Authors and Social Networking: Part 2 (Facebook Identity)
October 20, 2014
In Part 1 of this blog series, I discussed the use of Twitter for promoting books and establishing a social network presence. In this Part 2, I will provide some of my insights from the past few months of using Facebook to continue building my social presence on the web.
* Facebook users must provide their real names and information
* Each person can only create one personal account
* You will not use your timeline primarily for your own personal gain
As most of you know, there are many reasons why an author might prefer to use a nom de plume, or 'pen name', which may include: 1) avoid confusion, when the name is similar or identical to a famous person (especially another author); 2) make it easy for readers to recognize and remember; 3) avoid problems in personal life that would be created by disclosing your erotic works (for example); 4) enhance marketing and promotion; and 5) enable writing as the opposite gender. There is undoubtedly additional rationale for using a pen name.
Despite Facebook requiring 'real names', there are many examples of people using pen names as their Facebook personal profile (we'll discuss Facebook "Pages" in a moment). For example, E.L. James has a personal profile on Facebook, although everyone knows that's a pen name.
To be fair, I should clarify: Facebook DOES allow pen names as part of the personal profile ... but the real name must also be included. For example, "Tittie Love Author (Jen Smart)". However, this approach has the drawback that #3, above - creating problems in your personal life - will still be an issue. Another example of creating an issue is when a children's book author also decides to create erotica (or erotic romances); this could significantly impact the perception of her customers.
It is not only celebrities who use pen names on Facebook; a simple 5-minute search will yield hundreds of 'fake' names for Facebook personal profiles. I will not cite examples, but I don't have to: I'm sure that many of you use a pen name, and some of you probably have a Facebook account under that name. This violates Facebook's rules. And, if you also have a Facebook account under your real name, you've violated another rule (having more than one account).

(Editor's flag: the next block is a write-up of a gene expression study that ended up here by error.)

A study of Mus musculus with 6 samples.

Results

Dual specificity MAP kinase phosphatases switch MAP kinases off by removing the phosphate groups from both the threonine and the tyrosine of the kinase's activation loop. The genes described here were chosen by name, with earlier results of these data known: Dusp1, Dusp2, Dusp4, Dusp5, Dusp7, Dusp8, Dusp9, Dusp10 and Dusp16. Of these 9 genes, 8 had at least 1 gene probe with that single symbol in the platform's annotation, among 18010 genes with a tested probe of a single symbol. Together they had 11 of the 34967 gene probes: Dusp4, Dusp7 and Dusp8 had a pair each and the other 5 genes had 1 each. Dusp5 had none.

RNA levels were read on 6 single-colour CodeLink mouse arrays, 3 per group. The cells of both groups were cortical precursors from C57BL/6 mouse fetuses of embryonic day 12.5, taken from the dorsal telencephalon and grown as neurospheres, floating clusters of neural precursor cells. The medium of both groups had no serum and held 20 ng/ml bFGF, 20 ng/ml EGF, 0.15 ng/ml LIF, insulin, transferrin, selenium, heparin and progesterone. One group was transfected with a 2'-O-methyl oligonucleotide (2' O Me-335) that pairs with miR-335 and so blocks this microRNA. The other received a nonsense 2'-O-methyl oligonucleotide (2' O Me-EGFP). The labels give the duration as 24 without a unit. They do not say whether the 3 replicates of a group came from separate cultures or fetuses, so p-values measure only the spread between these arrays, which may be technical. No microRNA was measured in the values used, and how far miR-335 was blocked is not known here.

Of course, I didn't know any of this stuff just a few months ago. My publisher suggested that I have a presence on Twitter and Facebook, so I joined them, using my pen name. This was the source of a huge issue, that I describe in Part 4 of this blog series.
What I have learned, is that the 'proper' way to create a presence on Facebook, for purposes of marketing (yourself, and/or your book), is to use a Facebook "Page". When I finally started researching this, it was very confusing: I saw information on a "Business Page", and a "Fan Page" (although I now know there is only one type of Facebook "Page").
It wasn't clear to me how i could create a page, and not have it link back to my personal profile. I now know that Pages can be managed by anyone (or more than one person), and that they will maintain the privacy of those managers, UNLESS they "Like" the page ... in which case, it will show-up on their Facebook timeline. (I didn't even know what a 'timeline' was, 3 months ago!)
If I was going to use social media for promoting my books, I would need to learn about linking Facebook and Twitter, joining Facebook groups (which I'll discuss in Part 3 of this blog series), how to post from a mobile device and using e-mail, and many more technical things ... not to mention learning the proper Facebook 'etiquitte' - such as how often to post. I am still in the process of learning some of these things, and gaining experience wih social media.
I gathered Friends on Facebook, as I had obtained Followers on Twitter and ended-up with more than 1800 Facebook friends. I had joined more than two dozen groups, on which I was posting regularly. And I made sure that my personal profile had consistent artwork, style, and information as my website, author bio, and books. At one point, I was 'communicating' with up to 400,000 people (!).
Then, disaster! Facebook required me to "confirm my identity" before I could access my account. Unfortunately, it is not easy to confirm a pen name. This resulted in my absence from Facebook for more than two weeks, and an incredible fiasco in trying to obtain information and help from Facebook. This is the story I'll present in Part 4 of this blog series.
However, before I do that, I'll let my blood pressure go down, and present some of the things I learned about Facebook "Groups", in the next part of this blog series. Stay tuned!